Marcy Open School principal Donna Andrews greeted students Maya Jacobson, Savana Gartner and Aurora Jacobson as they got off the bus for the first day of classes in Minneapolis on August 26.
Glen Stubbe, Star Tribune
A MOVING TARGET
“It’s important to look at today’s test results for what they are — a snapshot in time that tells us how students are doing in mastering our state standards. … What is needed now is to focus on our efforts and stop moving the goalposts so teachers and students have a consistent target to hit.”
-BRENDA CASSELLIUS, commissioner, Minnesota Department of Education
Minnesota K-12 school tests require consistency
- Article by: Editorial Board
- Star Tribune
- August 29, 2013 - 7:23 PM
Many parents were understandably alarmed by this week’s headlines that Minnesota student reading scores had “plummeted’’ this year compared with 2012.
Turns out there’s an understandable reason for the double-digit percentage drop. This year a new, more difficult test was given — in other words, the two sets of results were not an apples-to-apples comparison.
The test result confusion highlights an ongoing issue in Minnesota. For political and other reasons — some of them necessary and some not — there have been lots of changes in standardized tests over the years. It’s time for the state to settle on strong education standards and exams — then stick with them long enough to make the results meaningful.
The newest round of results from annual statewide tests released this week by the Minnesota Department of Education showed the percentage of students in grades three through eight and 11 who were proficient in reading fell to 58 percent from 76 percent. In math, 61 percent of students who took the Minnesota Comprehensive Assessments (MCAs) were proficient, down from 62 percent last year.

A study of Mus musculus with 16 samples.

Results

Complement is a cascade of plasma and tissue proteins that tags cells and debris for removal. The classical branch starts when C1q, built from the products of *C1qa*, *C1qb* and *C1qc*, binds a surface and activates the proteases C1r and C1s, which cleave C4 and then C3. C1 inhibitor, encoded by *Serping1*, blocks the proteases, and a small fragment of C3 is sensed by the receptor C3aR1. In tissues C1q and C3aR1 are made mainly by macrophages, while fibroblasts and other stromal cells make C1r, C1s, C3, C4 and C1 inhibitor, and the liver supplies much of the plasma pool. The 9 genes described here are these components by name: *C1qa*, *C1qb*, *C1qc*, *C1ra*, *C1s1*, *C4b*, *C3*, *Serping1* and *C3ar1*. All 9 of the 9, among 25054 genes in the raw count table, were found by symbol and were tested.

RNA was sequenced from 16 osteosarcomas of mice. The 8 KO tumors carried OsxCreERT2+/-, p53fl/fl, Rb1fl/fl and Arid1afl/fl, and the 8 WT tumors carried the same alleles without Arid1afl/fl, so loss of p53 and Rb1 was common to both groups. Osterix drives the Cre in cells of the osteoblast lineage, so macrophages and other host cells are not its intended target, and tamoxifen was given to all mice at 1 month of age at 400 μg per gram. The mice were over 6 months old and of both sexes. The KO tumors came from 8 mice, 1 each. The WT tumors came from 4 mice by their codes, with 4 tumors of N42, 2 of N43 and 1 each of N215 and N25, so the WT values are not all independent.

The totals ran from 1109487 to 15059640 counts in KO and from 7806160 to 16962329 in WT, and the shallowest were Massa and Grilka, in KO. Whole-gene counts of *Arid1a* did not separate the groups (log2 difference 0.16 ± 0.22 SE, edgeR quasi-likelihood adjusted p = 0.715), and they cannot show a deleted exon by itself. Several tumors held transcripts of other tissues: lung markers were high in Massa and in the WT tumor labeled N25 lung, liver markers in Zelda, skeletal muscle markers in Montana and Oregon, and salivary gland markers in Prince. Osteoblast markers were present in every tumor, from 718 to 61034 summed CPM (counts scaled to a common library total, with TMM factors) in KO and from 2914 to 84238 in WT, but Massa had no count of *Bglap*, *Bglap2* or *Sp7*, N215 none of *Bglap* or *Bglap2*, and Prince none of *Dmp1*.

State Education Commissioner Brenda Cassellius dismissed the significance of the results. “Our scores didn’t go down,” she said. “It’s a new, more difficult test. … Our kids didn’t get dumber in one year.’’
Yet the dip makes a point about the state’s overall approach to testing students. Since the mid-1990s, Minnesota has been changing standards and tests on what students learn and need to know.
Years ago, the state adopted an outcome-based education model, then shifted to the controversial Profiles of Learning assessment. After that, an eighth-grade basic skills test was put in place, only to be replaced by the current MCAs.
Earlier this year, legislators voted to scrap the Graduation Required Assessment for Diploma (GRAD) exam, which students had to pass in order to graduate. It will be replaced with a series of tests beginning in eighth grade that will be more aligned with postsecondary requirements.
The idea of those ACT-type tests is to measure whether students are ready for college and career training. That should reduce the amount of remedial work teens are doing now.
On top of those state changes, during the past decade requirements mandated in the federal No Child Left Behind legislation added a layer of reporting. And now many states are adjusting their tests to align with the Common Core Standards — a national initiative that seeks to define reading and math skills as students move through the grades.
Minnesota adopted national Common Core State Standards for reading and writing in 2010, but administered tougher tests aligned with those standards for the first time this year. All those shifts have made it difficult for students, families and educators to adjust. Just when they get accustomed to one set of standards and tests, another one comes along.
Fortunately, state education officials say that Minnesota should have more useful, properly rigorous standards and tests in place by spring 2015, when a revised math test will be completed for grades three through seven and a college/career ready high school exam will be given to eighth- through 11th-graders.
The MCA scores released this week once again showed troubling disparities between white students and students of color. Only around 30 percent of black, Hispanic and Native American students met or exceeded reading proficiency standards on the exam. That translates into tens of thousands of young people without a basic skill they need to secure living-wage jobs as adults.
Minnesota kids must be able to compete with their peers not only from other states, but from around the world. To ensure that this happens, it is critical to measure their achievement effectively as they move from grade to grade.